Alfred Hitchcock famously said movies were life with all the boring parts cut out of them. I have to agree. I will not watch a three-minute breakfast scene filled with quiet coffee sips. Nor do I care to gaze upon an actor spending two-minutes on teeth-brushing diligence. Unless it is a well-underscored montage, I do not want to engage in prolonged real-life management masked as entertainment.
I want to see the underdog win. I want to feel the emotions of the first kiss or the new baby. I tear up when the goal is accomplished, the dream comes true, and the guy gets the girl. Laundry does not create quite the same zing in my heart’s strings. I can promise you right now, I will not put down my attention-nanny (aka: my phone) to watch even the most handsome fellow iron. If that made my skirt fly up, I could just watch Tripp...don’t even have to plug him in or power him up. Uhm, I think I digressed a little at the end.
The point I was attempting to make was that few of us love the day-to-day drudge of life. We love a good mountain top moment. When I text my friends, “catch me up on you!” or, “tell me all the things,” you know what I get most often? “I’ve just been busy” and “I’m pretty boring these days.” By far, these two tie for the majority of responses. See? We just don’t love the grind.
And yet...day by day, the song, goes. In case you're not a fan of musical theatre, “Day By Day,” (with a theme borrowed from Nietzsche) was written by lyricist Stephen Schwartz to ask of the Lord to, “see Thee more clearly, follow Thee more nearly,” and “love Thee more dearly...day by day" (by day by day by day). There’s something to this statement...for not every day feels like a red-letter God day. Not every morning prayer or quiet time results in a holy trinity hug-fest. I’d be willing to contend more spiritual growth is experienced in the day to day disciplines of life than the hallelujah-filled, hanky-waving moments.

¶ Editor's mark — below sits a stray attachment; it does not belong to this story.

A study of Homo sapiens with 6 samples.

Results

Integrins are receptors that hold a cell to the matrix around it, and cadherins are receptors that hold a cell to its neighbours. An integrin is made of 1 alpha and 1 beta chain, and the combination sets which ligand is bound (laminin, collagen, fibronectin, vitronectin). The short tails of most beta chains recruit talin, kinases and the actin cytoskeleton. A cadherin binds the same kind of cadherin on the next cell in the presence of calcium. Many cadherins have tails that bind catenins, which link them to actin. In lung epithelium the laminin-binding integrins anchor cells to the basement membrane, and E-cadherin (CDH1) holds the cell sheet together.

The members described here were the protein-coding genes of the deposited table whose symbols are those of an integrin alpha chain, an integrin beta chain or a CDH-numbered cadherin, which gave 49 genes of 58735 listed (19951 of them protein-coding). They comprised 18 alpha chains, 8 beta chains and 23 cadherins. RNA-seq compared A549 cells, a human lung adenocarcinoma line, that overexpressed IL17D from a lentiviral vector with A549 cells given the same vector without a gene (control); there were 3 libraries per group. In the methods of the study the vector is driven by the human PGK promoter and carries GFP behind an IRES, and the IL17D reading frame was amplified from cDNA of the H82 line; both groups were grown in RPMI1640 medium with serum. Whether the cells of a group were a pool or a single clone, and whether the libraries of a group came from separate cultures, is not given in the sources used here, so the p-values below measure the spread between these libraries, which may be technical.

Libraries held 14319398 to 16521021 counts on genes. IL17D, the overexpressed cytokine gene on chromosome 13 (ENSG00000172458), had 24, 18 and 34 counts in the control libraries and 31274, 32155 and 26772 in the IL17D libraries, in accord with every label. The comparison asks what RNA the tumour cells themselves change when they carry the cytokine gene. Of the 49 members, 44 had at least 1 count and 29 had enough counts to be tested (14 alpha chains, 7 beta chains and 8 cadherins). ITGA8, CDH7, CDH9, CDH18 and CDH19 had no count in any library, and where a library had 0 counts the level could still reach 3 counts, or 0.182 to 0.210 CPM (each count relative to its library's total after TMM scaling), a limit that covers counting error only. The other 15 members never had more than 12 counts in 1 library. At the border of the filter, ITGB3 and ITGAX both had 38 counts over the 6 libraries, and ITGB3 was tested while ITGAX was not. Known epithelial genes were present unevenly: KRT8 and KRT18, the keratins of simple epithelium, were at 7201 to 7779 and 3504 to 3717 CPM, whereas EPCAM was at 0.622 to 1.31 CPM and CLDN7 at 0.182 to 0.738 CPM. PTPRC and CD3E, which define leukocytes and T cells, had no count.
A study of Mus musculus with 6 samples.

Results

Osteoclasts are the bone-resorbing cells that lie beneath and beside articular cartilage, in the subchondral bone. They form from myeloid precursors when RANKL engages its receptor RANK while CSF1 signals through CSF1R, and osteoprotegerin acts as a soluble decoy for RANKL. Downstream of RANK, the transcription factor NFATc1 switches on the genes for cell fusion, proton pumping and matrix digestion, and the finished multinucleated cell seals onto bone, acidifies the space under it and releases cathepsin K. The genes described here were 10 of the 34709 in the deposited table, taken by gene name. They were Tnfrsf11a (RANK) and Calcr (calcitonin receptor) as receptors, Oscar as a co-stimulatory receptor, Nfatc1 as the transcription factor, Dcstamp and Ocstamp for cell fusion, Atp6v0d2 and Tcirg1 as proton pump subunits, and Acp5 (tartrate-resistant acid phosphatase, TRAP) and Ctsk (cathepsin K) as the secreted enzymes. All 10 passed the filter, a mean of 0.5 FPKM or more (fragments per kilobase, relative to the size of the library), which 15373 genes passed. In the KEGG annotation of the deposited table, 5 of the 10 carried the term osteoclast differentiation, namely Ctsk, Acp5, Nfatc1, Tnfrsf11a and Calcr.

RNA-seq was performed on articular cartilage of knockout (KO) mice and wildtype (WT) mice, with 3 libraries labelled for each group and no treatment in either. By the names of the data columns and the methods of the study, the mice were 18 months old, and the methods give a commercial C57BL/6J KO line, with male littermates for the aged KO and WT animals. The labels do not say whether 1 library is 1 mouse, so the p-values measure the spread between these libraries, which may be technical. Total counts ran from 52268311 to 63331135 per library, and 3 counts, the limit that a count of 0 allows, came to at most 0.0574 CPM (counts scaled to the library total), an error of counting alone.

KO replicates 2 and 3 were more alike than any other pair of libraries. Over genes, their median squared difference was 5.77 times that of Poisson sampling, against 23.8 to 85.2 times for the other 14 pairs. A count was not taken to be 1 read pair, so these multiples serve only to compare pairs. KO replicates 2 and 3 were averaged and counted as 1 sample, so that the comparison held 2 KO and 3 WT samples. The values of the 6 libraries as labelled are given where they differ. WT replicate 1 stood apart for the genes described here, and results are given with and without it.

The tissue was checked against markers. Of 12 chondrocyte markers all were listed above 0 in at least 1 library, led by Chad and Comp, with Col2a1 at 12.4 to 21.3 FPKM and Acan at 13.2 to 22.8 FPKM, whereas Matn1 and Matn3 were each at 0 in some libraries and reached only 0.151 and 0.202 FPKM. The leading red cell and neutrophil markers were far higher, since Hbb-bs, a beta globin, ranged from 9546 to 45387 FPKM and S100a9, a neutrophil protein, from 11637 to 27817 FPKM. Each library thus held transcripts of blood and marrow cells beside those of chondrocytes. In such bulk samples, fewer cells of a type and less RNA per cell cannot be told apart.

My fabulous friend Rachael recently reminded me of Brother Lawrence, a monk who is known for his writing on intimate relationship with God during a period of history not famous for its feelings. Brother Lawrence reminds us that each action of our day, boring or not, should be given to God, used as praise to Him, and dedicated for His purpose. Brother Lawrence found the holy in the day to day, practicing what he preached as a soldier, a valet, and finally a layman in the Discalced Carmelite monastery.
Here's the real dichotomy of the matter, to me anyway, we tread through our days, finding discipline in the small things, but the Bible says, “This is the day the Lord has made.” Such a paradox. Not, all these similar days, the Lord has made. Not this whole string of deadlines and workloads and to do lists, the Lord has made.
Yes, most of my days are spent in ordinary toil - even if it is unto the Father - and so, I tend to lump them into something that could use a little movie-style editing. God however, sees it differently. He says, right here, right now...THIS is a special day, one I’ve made just for this moment, just for you.
Considering this lesson as a designer helps me process it. I will make hundreds, if not thousands of ads in my career. Each ad requires the same things to be a success. I need a headline, I need a call to action, I need a brand - every single time; but each ad, even in a series or campaign, is crafted as an individual moment. I carefully select the right photo, consider just the right words, select colors with a purpose. Yes, it’s an ad, just another ad, but it’s not. It’s THIS ad...in this time, for this purpose.
So, when I wake tomorrow, I hope to pause and remember...another day, yes...but this day, for right now. I hope to welcome the holy into the hum drum, to embrace the specialness amidst the insignificance of another day, and maybe I’ll just hum my own underscore for the day’s toil.